When you picture a lazy human, what do you picture? This?
Sorry if that stunted your creativity.
But what does this guy have in common with Harold (if you haven't met him, see my previous blog post)?
No, definitely not...
Only getting up to go the bathroom?
Camouflaging oneself in food?
Well, kind of. Except these behaviors, for Harold, actually confer fitness benefits. Let me explain with the help of some evidence from Pauli et al. 2014 (A syndrome of mutualism reinforces the lifestyle of a sloth).
The three-toed sloth only gets up (or down) to go to the bathroom. He descends from his tree about once per week to defecate. This behavior is both risky (most sloth deaths occur from predation during the descent) and energetically costly (the trip comprises up to 8% of the sloths daily energy budget). If a behavior persists that is energetically costly and dangerous, there must be some fitness benefit from that behavior, right?
A mutualistic partner of the sloth, the pyralid moth, very clearly benefits from this risky behavior:
The moth uses the sloth fur for habitat and for mating. When the sloth descends from the tree to defecate, the female moth lays her eggs in the dung. There, her larvae are surrounded by ample nutrients to develop into mature adults who can then fly into the tree canopy to find their very own sloth.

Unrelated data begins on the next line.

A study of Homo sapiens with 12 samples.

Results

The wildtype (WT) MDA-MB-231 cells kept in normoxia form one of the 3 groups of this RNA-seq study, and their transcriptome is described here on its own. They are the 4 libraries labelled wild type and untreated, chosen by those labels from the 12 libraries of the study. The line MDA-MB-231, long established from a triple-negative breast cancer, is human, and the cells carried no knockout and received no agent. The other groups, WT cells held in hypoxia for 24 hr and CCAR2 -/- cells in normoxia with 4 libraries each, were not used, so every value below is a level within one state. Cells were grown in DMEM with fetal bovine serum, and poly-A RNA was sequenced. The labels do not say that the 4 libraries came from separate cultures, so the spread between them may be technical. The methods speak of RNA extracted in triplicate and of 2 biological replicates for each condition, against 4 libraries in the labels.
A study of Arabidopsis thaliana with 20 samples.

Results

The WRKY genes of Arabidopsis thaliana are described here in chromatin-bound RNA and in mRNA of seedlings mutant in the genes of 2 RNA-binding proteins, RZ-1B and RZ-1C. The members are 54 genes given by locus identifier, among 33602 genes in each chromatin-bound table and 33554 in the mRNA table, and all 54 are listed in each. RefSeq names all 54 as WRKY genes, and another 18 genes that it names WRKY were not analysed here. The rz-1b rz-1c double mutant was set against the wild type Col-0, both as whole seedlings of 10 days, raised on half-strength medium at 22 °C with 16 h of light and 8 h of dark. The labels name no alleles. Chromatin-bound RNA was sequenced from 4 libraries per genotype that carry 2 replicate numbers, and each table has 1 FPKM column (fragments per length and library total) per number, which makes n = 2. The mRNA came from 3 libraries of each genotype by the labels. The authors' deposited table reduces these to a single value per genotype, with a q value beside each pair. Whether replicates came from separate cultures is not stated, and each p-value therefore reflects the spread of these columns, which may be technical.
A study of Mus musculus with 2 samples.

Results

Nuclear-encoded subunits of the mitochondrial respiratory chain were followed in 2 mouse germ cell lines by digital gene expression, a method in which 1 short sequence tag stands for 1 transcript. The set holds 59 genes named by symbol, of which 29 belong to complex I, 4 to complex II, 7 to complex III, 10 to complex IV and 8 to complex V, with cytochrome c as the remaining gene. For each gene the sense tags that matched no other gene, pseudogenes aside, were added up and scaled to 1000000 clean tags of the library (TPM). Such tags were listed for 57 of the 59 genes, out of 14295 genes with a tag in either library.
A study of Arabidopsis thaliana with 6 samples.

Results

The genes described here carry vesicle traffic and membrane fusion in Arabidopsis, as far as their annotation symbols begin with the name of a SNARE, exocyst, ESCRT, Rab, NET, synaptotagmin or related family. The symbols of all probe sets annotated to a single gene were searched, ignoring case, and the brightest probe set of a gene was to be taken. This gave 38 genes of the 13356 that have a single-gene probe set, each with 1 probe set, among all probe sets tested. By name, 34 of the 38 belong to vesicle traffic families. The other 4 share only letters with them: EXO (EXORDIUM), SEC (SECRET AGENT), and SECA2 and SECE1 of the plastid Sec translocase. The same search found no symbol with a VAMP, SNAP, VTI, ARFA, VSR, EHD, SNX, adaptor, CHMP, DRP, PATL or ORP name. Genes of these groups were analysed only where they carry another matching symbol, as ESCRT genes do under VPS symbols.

However, it hasn’t always been clear how or even if the sloth benefits from this mutualism.
But, the results from this research show that they do: the act of descending from the tree to defecate provides sloths with a higher number of moths living in their fur. This translates to sloths with higher fur nitrogen content and this nitrogen translates to a higher biomass of algae that live in the sloth. During self-grooming the sloths consume this algae that are shown to be rich with carbohydrates and lipids. Benefit: healthier sloths.
Lazy humans and sloths may both only get up to use the toilet and to ensure they are covered in food. However, for humans, going to the bathroom is an arguably safe activity, at least in terms of jaguars. And sure, we might find an additional piece of pizza en route, but you’d have a hard job convincing me of health or fitness benefits resulting from these actions. Therefore, conclusively, sloths win.
Harold is an ecologically and evolutionarily fascinating creature, stay tuned for more sloth science.
If you follow the NYTimes, you may have read this cool story a while ago. But after I actually read the original publication a few days ago, I had to write about it. So thanks for humoring my personal interests for the day.
figure from Pauli et al. 2014
Pauli JN, Mendoza JE, Steffan SA, Carey CC, Weimer PJ, Peery MZ. 2014 A syndrome of mutualism reinforces the lifestyle of a sloth. Proc. R. Soc. B 281:20133006.